Introducing the Chesapeake News Guild
The journalists of the Capital Gazette newspapers, The Carroll County Times and the Baltimore Sun Media Group today announced a joint effort to unionize as the Chesapeake News Guild.
The Chesapeake News Guild, a project of the Baltimore-Washington News Guild, represents three newsrooms joined as one to demand from our owners — Tribune Publishing — better pay, greater representation and stronger investment in our newsrooms.
The photographers, reporters, designers and copy editors that fill our ranks work for The Capital, serving Annapolis and Anne Arundel County; the Towson Times; the Catonsville Times; the Carroll County Times; The Aegis, serving Harford County; the Howard County Times; the Bowie-Blade News; The Crofton-West County Gazette; and the nation’s oldest newspaper, the Maryland Gazette.
A majority of those journalists have signed authorization cards, with the hopes of banding together and preventing their communities from becoming news deserts. We have more than 70 percent support among eligible employees.
The guild is asking Tribune for voluntary recognition in the next 72 hours.
“Though our papers are scattered around the Baltimore region, our dedication to the readers we serve unites us,” said Danielle Ohl, a reporter for The Capital. “Because we all value community journalism, we hope it’s around for generations to come.”
Acquired between 2012 and 2014 by the Baltimore Sun, the papers represented by the Chesapeake News Guild make up the Baltimore Sun Media Group. And though The Sun owns these papers, the employees are not a part of the Baltimore Sun’s union.
“The Baltimore Sun, whose roots as a union shop date to 1934, once competed against these community papers,” said Scott Dance, the Baltimore Sun union’s chair. “But its suburban bureaus have disappeared as it instead leans on these papers, which it purchased in 1997 and 2014, for hyperlocal coverage. The Sun's Guild employees stand in solidarity with these colleagues – it is long past time for them to earn the same rights and benefits Sun staff have defended for decades.”
The group has adopted its name from the Chesapeake Bay, an important geographic link that connects the communities covered by these publications.
Our newsrooms have survived devastating cutbacks – and last week’s announcement of buyout offers across Tribune Publishing forebodes even more.
At some of these papers, a staff of one or two reporters write almost all the stories – darting between school board meetings and city council chambers to keep their communities informed. Photographers often have to float between publications to ensure we have enough art to fill the collective pages. Designers and copy editors juggle late-night deadlines and last-minute edits from all the publications nightly.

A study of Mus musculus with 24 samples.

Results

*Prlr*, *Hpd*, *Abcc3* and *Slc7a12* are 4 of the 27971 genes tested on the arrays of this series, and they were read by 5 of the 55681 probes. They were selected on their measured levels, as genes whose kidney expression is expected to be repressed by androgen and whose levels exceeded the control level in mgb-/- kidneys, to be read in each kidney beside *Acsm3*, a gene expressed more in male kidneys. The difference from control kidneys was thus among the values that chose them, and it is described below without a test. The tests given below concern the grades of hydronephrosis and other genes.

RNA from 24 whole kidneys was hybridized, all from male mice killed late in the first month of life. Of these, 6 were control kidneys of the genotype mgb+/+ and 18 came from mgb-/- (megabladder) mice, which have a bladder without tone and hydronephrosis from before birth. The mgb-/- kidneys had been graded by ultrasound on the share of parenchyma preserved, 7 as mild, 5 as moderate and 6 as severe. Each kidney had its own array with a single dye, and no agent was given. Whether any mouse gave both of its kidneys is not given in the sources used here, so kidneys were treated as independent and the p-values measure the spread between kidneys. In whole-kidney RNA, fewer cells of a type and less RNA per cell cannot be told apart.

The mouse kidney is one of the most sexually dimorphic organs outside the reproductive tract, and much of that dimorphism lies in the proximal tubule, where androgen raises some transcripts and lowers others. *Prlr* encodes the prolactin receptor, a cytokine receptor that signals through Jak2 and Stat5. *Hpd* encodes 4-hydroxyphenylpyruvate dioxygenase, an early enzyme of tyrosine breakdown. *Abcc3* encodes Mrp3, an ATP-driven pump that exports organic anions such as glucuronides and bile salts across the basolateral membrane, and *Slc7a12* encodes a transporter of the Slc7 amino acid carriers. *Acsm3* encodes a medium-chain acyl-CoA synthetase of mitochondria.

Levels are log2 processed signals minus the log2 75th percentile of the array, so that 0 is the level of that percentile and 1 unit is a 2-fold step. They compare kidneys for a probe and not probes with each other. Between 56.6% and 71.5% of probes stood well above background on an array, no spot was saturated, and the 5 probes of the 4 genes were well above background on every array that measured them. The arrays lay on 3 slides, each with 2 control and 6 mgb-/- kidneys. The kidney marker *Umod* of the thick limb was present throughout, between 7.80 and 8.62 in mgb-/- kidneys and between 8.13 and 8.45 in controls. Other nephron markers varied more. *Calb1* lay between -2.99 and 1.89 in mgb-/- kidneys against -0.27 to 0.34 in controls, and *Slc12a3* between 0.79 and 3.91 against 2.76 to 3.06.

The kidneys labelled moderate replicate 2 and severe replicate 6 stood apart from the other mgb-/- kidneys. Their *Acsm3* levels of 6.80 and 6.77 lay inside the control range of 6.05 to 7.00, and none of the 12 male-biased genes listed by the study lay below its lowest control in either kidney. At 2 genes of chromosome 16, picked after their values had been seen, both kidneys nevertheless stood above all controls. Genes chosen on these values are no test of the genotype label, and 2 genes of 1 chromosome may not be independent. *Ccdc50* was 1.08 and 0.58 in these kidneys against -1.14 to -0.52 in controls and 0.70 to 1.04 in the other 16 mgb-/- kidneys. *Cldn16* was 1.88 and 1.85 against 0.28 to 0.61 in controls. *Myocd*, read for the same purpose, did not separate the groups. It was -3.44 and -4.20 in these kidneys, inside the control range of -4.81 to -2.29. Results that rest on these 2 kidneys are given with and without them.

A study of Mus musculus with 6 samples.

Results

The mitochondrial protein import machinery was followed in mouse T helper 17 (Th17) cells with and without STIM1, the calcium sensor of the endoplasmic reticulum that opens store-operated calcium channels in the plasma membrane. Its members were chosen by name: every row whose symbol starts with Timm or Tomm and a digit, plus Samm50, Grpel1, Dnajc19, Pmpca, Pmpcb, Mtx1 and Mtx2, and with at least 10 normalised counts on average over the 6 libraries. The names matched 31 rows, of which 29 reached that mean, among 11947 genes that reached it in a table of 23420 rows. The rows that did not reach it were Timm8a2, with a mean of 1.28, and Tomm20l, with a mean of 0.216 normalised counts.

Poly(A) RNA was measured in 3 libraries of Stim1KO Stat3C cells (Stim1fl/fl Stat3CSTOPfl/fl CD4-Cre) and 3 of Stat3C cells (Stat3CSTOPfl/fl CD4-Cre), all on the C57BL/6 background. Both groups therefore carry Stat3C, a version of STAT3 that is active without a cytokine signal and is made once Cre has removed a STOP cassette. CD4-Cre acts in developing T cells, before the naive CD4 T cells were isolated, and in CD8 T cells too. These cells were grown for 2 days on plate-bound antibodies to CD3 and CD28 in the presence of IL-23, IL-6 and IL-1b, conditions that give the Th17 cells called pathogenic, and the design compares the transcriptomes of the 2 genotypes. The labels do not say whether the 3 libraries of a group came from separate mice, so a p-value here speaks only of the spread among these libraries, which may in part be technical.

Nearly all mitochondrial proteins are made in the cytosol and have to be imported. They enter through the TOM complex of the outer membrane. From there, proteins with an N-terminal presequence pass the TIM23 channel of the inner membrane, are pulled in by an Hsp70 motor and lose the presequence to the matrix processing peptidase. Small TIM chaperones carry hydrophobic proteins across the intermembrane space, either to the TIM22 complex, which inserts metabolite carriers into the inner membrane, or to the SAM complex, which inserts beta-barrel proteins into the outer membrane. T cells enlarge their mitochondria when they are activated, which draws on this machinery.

“We believe the only way to ensure the longevity of our papers – and our profession – is to come together and fight to preserve them,” said Libby Solomon, a reporter for the Baltimore Sun Media Group.
While the papers have dwindled, staff members’ workload has increased. Many reporters cover several beats and work double shifts without overtime pay or increased compensation.
Some have gone nearly two decades without a raise.
As of today, there a few dozen photographers, reporters, designers and copy editors covering news in five counties comprising more than 2.1 million people. With more cuts imminent as our print and design work ships out to Chicago, the numbers will shrink further.
The Baltimore Sun Media Group papers are owned by the Baltimore Sun, which is in turn owned by Tribune Publishing. The Chesapeake News Guild is the fourth group to unionize under Tribune management, following the Chicago Tribune Guild, the Tidewater Media Guild and the Los Angeles Times Guild.
The Washington-Baltimore News Guild (WBNG) is the legally recognized union for more than 2,600 news, information and labor-organization workers for 27 different employers, mainly in the metropolitan Washington and Baltimore areas. In this role, the employers at Guild-represented workplaces are legally obligated to bargain with the union over the compensation, benefits and working conditions of their employees.
The NewsGuild international union has more than 25,000 members; TNG is one of nine sectors in the 750,000-member Communications Workers of America.